From the Journals

Common endoscopic procedure needs quality improvement


 

FROM GASTROINTESTINAL ENDOSCOPY

One of the most common procedures in gastroenterology – esophagogastroduodenoscopy (EGD) – needs to consistently meet quality measures, but data on interventions to improve them is lacking, according to a recent review.

Researchers, led by Fateh Bazerbachi, MD, with CentraCare, Interventional Endoscopy Program, at St. Cloud (Minn.) Hospital performed a systematic review of the literature to identify which interventions and measures have improved the performance of EGD quality indicators previously identified by the American Society for Gastrointestinal Endoscopy. They also looked for demonstrations of improving compliance with the prioritized indicators. The review appeared in Gastrointestinal Endoscopy.

The authors pointed out that more than 6.1 million EGDs are performed every year in the United States. Although gastroenterologists perform most of them, other providers also perform them, including primary care physicians, surgeons, and sometimes advanced practice providers. Therefore, establishing well-defined quality measures is critical for consistent outcomes.

Daniel C. Buckles, MD, associate professor of Gastroenterology, Hepatology & Motility at  University of Kansas Medical Center in Kansas City,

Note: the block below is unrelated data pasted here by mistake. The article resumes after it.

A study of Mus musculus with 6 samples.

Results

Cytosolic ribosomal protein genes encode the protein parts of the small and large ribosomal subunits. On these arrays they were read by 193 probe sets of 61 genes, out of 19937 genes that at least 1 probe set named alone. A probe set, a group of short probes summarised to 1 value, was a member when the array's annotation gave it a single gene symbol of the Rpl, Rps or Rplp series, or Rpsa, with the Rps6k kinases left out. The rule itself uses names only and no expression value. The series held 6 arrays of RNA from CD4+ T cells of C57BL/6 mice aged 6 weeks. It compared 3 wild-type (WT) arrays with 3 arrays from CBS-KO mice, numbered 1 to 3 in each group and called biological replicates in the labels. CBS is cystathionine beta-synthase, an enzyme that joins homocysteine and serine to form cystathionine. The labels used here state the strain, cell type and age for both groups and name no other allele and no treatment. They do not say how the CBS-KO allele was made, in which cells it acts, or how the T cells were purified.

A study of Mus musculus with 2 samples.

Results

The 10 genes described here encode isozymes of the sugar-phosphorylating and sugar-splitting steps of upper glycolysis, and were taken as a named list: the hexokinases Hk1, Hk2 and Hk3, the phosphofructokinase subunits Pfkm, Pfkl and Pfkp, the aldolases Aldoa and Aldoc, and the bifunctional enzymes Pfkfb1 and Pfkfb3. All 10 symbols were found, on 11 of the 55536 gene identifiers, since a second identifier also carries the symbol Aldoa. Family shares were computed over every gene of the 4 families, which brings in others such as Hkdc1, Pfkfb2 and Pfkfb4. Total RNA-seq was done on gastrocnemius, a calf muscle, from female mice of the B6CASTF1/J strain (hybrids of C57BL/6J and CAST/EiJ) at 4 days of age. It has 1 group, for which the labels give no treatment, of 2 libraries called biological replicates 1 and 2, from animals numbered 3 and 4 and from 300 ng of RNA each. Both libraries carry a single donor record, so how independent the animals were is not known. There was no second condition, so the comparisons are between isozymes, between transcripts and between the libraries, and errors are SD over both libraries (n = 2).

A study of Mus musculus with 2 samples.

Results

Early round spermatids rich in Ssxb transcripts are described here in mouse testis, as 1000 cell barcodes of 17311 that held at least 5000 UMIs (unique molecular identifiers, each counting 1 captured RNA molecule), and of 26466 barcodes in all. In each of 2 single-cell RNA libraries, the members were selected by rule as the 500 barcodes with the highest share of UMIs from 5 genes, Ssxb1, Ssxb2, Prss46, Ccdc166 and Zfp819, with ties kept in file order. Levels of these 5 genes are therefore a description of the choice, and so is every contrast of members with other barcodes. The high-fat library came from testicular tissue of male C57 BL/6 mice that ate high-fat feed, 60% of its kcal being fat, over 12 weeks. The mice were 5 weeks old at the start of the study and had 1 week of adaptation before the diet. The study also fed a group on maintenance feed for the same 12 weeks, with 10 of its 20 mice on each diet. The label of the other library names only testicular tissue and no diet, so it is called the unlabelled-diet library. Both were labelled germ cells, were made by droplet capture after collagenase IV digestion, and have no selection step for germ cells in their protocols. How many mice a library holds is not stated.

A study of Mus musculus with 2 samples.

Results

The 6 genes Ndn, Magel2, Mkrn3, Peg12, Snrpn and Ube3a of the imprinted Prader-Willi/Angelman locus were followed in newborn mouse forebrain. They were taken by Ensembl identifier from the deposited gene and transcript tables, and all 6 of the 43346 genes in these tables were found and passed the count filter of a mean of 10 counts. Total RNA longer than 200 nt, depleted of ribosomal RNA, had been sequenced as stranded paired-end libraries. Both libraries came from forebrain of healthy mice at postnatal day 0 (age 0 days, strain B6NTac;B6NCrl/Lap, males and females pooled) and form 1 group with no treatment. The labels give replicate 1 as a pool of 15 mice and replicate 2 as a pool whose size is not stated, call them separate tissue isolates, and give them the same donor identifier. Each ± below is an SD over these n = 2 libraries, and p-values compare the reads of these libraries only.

Dr. Daniel C. Buckles

Daniel C. Buckles, MD, associate professor of gastroenterology, hepatology & motility at the University of Kansas Medical Center in Kansas City, who was not part of the review, said high-quality EGDs are critical for many reasons, including avoiding overuse when results of the procedure are not likely to change a patient’s treatment but add risk to the patient and increase costs to the health care system.

“Lack of training to recognize important GI pathology seen on an EGD and lack of standardized reporting of GI abnormalities using validated classification systems can lead to suboptimal treatment and follow-up for patients,” he noted.

Testing provider adherence to guidelines years after publication helps providers understand what works and can improve outcomes, Dr. Buckles said.